Salvador street protest breaks out against bitcoin adoption

By Wilfredo Pineda
A person holds a sign that reads 'The Bitcoin bill must be repealed, it will bring more corruption and poverty', as people participate in a protest against the use of Bitcoin as legal tender, in San Salvador, El Salvador, September 7, 2021. REUTERS/Jose Cabezas

More than 1,000 people marched in El Salvador's capital on Tuesday to protest the adoption of bitcoin as legal tender, amid a bumpy initial rollout of systems to support the digital currency.

The protesters burned a tire and set off fireworks in front of the Supreme Court building around noon local time, as the government deployed heavily militarized police to the site of the protest.

A man sells shirts as people participate in a protest against the use of Bitcoin as legal tender, in San Salvador, El Salvador, September 7, 2021. REUTERS/Jose Cabezas

"This is a currency that's not going to work for pupusa vendors, bus drivers or shopkeepers," said a San Salvador resident who opposed the adoption of the cryptocurrency. Pupusas are a traditional Salvadoran corn-based food.

"This is a currency that's ideal for big investors who want to speculate with their economic resources."

The protest came as El Salvador's government was rushing to iron out technological snags in bitcoin's first-day rollout.

A person holds a sign that shows President Nayib Bukele, as people participate in a protest against the use of Bitcoin as legal tender, in San Salvador, El Salvador, September 7, 2021. REUTERS/Jose Cabezas

Earlier on Tuesday, Salvadorans trying to download the Chivo digital wallet found it was unavailable on popular app stores. Then Bukele tweeted that the government had temporarily unplugged it, in order to connect more servers to deal with demand.

A group of people in Chivo tee-shirts at a stall to train people interested in using the app milled around waiting for it to be reconnected.

It later appeared on Apple and Huawei's stores, and Bukele used Twitter to ask users to let him know how it was working.

A soldier stands guard while people ask for information about the use of Bitcoin, outside an ATM of Chivo wallet, a Bitcoin wallet that Salvadoran government is launching for the use of Bitcoin as a legal tender, in San Salvador, El Salvador, September 7, 2021. REUTERS/Jose Cabezas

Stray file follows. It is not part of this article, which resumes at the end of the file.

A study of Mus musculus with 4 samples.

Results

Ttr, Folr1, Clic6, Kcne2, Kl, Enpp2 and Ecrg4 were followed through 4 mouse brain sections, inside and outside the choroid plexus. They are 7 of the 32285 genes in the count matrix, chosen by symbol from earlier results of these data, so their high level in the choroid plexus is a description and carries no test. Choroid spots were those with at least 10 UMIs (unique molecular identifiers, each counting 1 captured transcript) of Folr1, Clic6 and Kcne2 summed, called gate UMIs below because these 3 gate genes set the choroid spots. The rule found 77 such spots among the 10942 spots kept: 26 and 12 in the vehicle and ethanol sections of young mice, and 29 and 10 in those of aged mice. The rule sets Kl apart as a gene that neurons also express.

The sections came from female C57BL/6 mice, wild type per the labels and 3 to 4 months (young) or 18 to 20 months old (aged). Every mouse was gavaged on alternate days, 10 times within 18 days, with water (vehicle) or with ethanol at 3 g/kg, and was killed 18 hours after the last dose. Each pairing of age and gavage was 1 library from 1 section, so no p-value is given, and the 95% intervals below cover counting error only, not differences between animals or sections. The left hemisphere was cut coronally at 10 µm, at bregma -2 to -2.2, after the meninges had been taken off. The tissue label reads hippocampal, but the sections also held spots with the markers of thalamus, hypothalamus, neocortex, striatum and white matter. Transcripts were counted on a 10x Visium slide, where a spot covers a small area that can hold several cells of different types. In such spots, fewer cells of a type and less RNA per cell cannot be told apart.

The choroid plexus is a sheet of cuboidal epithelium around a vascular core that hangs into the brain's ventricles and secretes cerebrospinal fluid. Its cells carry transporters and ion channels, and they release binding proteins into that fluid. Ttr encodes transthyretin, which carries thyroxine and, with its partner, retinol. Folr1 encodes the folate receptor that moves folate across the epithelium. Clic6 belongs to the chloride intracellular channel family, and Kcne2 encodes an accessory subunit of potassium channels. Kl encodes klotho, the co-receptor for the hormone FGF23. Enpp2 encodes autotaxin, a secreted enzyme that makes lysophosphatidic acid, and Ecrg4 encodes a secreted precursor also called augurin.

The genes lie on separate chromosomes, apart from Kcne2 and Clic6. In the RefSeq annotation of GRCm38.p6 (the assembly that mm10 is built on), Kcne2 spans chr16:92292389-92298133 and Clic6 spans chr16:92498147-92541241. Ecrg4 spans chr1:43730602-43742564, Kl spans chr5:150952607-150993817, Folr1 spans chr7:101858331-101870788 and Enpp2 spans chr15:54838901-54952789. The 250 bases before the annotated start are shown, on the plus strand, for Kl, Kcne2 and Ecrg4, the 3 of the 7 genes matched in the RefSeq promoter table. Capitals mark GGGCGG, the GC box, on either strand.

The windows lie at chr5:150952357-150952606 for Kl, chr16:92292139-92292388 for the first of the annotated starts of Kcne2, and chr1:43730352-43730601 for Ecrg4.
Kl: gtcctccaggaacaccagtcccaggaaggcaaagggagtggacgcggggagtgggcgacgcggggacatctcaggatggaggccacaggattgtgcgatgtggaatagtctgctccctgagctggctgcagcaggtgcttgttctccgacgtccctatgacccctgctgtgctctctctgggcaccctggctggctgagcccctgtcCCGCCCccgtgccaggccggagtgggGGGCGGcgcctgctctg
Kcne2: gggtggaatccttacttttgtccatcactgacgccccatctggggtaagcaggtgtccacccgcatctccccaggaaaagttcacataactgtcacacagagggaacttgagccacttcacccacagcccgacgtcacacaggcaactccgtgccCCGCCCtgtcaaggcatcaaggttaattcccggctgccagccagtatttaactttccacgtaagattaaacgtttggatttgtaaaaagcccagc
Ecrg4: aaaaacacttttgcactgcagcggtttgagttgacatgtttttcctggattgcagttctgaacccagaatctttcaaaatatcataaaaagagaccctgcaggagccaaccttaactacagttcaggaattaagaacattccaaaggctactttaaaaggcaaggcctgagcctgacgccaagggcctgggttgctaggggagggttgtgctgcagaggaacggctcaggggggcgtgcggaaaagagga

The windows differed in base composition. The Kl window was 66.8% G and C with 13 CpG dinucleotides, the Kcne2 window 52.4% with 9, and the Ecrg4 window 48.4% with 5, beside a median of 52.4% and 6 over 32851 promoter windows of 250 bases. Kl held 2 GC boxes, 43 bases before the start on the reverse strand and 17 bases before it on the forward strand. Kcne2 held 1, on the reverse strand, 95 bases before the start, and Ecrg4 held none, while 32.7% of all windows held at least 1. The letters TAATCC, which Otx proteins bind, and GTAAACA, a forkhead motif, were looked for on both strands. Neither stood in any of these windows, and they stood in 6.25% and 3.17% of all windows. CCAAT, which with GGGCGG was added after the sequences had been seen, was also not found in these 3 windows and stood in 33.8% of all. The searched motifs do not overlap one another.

Polls indicate many Salvadorans are wary of the volatility of the cryptocurrency, which can shed hundreds of dollars in value in a day. That view is shared by many economists worried at how it will affect economic stability.

However, others have embraced it as a way ordinary people in a poor country can invest in financial markets.

Ahead of the launch, El Salvador bought 400 bitcoins worth around $20 million, Bukele said, helping drive the price of the currency above $52,000 for the first time since May. Hours later, however, bitcoin had weakened and last traded down 8.84% at $47,327.32. [L8N2Q927A]

A person participates in a protest against the use of Bitcoin as legal tender, in San Salvador, El Salvador, September 7, 2021. REUTERS/Jose Cabezas

(Reporting by Wilfredo Pineda, writing by Laura Gottesdiener; Editing by Frank Jack Daniel and Alistair Bell)


What is inkl?

Important stories

See news based on value, not advertising potential. Get the latest news from around the world.

Trusted newsrooms

We bring you reliable news from the world’s most experienced journalists in the most trusted newsrooms.

Ad-free reading

Read without interruptions, distractions or intrusions of privacy.